What garden tasks should I make sure to check off the list in June?

Now that we’re in June, your flowers, plants and vegetables should be coming along nicely. But that doesn’t mean you can let up on the maintenance, planning and pest control. Here are some things to keep you busy in June:

  • Go up! As your tomatoes, pole beans and other tall, viney plants begin to go vertical, it’s time to build trellises and add stakes. You can go as simple or ornate as you like, the purpose is to support the plants as they continue growing toward the sun.
  • Water your beds— Raised beds and plants in containers need more water than your plants in the ground. So make sure they receive enough H2O to avoid drying out, scorching or stress from drought.
  • Give your pruning shears a workout—This is the time to prune the spent spring blooms and clear out the old — including lilacs, azaleas, rhododendrons and anything else that needs trimming. This lets their greenery continue to thrive while your summer blooms come into their own.
  • Thin the fruit on your fruit trees… and on your plants — Once fruit begins dropping off of your apple, pear and peach trees, consider thinning the remaining fruit to allow the tree to send more energy on a crop of larger fruit. And any fruit you pick up from your yard can go into your compost pile or yard debris bin.
  • If you planted strawberries, make sure to pick the berries as soon as they’re ripe to avoid fruit-rotting diseases.
  • Plant late summer/early fall bulbs — If you love the tall spikes and gorgeous colors of dahlias and gladioli, plant the bulbs now for late summer/early fall blooms.
  • Add an extra layer to your ornamental beds —To conserve moisture in the soil in your beds, add an inch or two of compost, bark dust or composted leaves. This will help hold in the moisture and minimize water loss through evaporation as temperatures climb.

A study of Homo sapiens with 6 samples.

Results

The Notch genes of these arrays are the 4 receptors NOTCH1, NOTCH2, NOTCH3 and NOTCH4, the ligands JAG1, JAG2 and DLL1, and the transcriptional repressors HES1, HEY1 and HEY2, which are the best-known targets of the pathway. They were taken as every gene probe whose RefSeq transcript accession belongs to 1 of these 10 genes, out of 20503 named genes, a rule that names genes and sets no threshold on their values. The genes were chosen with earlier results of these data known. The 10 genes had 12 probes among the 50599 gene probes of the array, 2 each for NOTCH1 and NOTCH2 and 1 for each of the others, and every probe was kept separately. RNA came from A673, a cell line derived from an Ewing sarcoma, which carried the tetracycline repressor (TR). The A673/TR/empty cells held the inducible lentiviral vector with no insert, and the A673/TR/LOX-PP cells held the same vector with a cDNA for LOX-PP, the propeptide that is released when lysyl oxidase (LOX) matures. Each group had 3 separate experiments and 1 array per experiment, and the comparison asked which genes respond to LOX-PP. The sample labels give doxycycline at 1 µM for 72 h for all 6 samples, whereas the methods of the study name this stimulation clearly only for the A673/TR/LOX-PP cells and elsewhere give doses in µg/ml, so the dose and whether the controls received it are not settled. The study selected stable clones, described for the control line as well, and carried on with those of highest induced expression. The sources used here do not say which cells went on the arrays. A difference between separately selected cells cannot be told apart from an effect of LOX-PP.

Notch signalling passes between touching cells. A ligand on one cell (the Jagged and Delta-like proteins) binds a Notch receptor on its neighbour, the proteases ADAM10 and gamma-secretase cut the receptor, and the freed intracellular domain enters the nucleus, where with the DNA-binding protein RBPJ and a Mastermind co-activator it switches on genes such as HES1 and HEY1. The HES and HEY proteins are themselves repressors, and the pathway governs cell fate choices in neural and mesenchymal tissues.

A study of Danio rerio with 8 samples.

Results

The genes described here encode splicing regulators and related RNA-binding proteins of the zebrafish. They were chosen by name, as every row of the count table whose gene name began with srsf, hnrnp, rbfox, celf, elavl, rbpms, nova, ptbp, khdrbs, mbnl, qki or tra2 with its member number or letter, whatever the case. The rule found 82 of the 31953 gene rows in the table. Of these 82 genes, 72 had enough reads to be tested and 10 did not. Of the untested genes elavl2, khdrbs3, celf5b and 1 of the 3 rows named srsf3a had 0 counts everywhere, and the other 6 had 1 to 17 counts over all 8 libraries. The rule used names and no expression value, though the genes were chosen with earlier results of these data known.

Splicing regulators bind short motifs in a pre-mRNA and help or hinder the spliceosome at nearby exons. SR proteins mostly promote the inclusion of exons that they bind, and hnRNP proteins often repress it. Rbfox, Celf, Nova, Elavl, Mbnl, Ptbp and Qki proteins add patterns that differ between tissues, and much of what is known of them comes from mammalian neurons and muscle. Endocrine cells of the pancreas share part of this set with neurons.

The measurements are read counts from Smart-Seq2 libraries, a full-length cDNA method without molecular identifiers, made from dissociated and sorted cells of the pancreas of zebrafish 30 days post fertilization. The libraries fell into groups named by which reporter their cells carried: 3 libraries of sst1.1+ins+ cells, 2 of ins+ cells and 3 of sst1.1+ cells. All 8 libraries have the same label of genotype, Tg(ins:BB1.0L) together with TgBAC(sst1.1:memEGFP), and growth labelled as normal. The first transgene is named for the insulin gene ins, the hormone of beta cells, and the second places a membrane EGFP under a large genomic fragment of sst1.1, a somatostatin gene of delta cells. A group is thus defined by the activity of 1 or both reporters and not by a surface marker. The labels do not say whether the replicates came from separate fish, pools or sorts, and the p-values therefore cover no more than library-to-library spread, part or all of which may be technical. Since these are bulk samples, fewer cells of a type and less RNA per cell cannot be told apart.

• Don’t forget the fertilizer — Once your crops have been up for a month or so, fertilize your vegetable garden by applying a side dressing along the rows. Growing crops are heavy feeders and applying nutrients on or in the soil near the roots (side dressing) will help them thrive.
  • Be vigilant about weeds — In southern Oregon, it’s best to manage weeds while they are small and actively growing. You can control your weeds by pulling, hoeing or mulching, using chemical controls only when necessary and only after reading the labels.
  • Invite beneficial insects to your yard — There’s a whole category of plants — called insectary plants — that attract helpful bugs to your yard and garden. This includes alyssum, coriander, yarrow, dill, sunflower and candytuft, to name just a few.
  • Be on the lookout for pests — If you see notches missing at the edge of your ornamental leaves, check for adult root weevils. Watch for 12-spotted beetles on beans, squash and cucumber, while cabbage worms and flea beetles may be found in broccoli, cabbage and Brussels sprouts. Codling moths go after apple and pear trees, which are found throughout our area. And if you have birch trees and they’re dripping a sticky liquid from the leaves, that signals aphids. Each one of these pests requires special attention. So do your homework and choose most natural remedy you can.
  • Don’t forget the love for your lawn — When temperatures go up and there are more hours of sunlight each day, you need to water frequently to keep your lawn healthy and green. The goal is to water 0.25 inches four to six times a week between June and August. To measure your water use, put an empty tuna can where the water lands and mark off ¼ of an inch. That’s all it takes.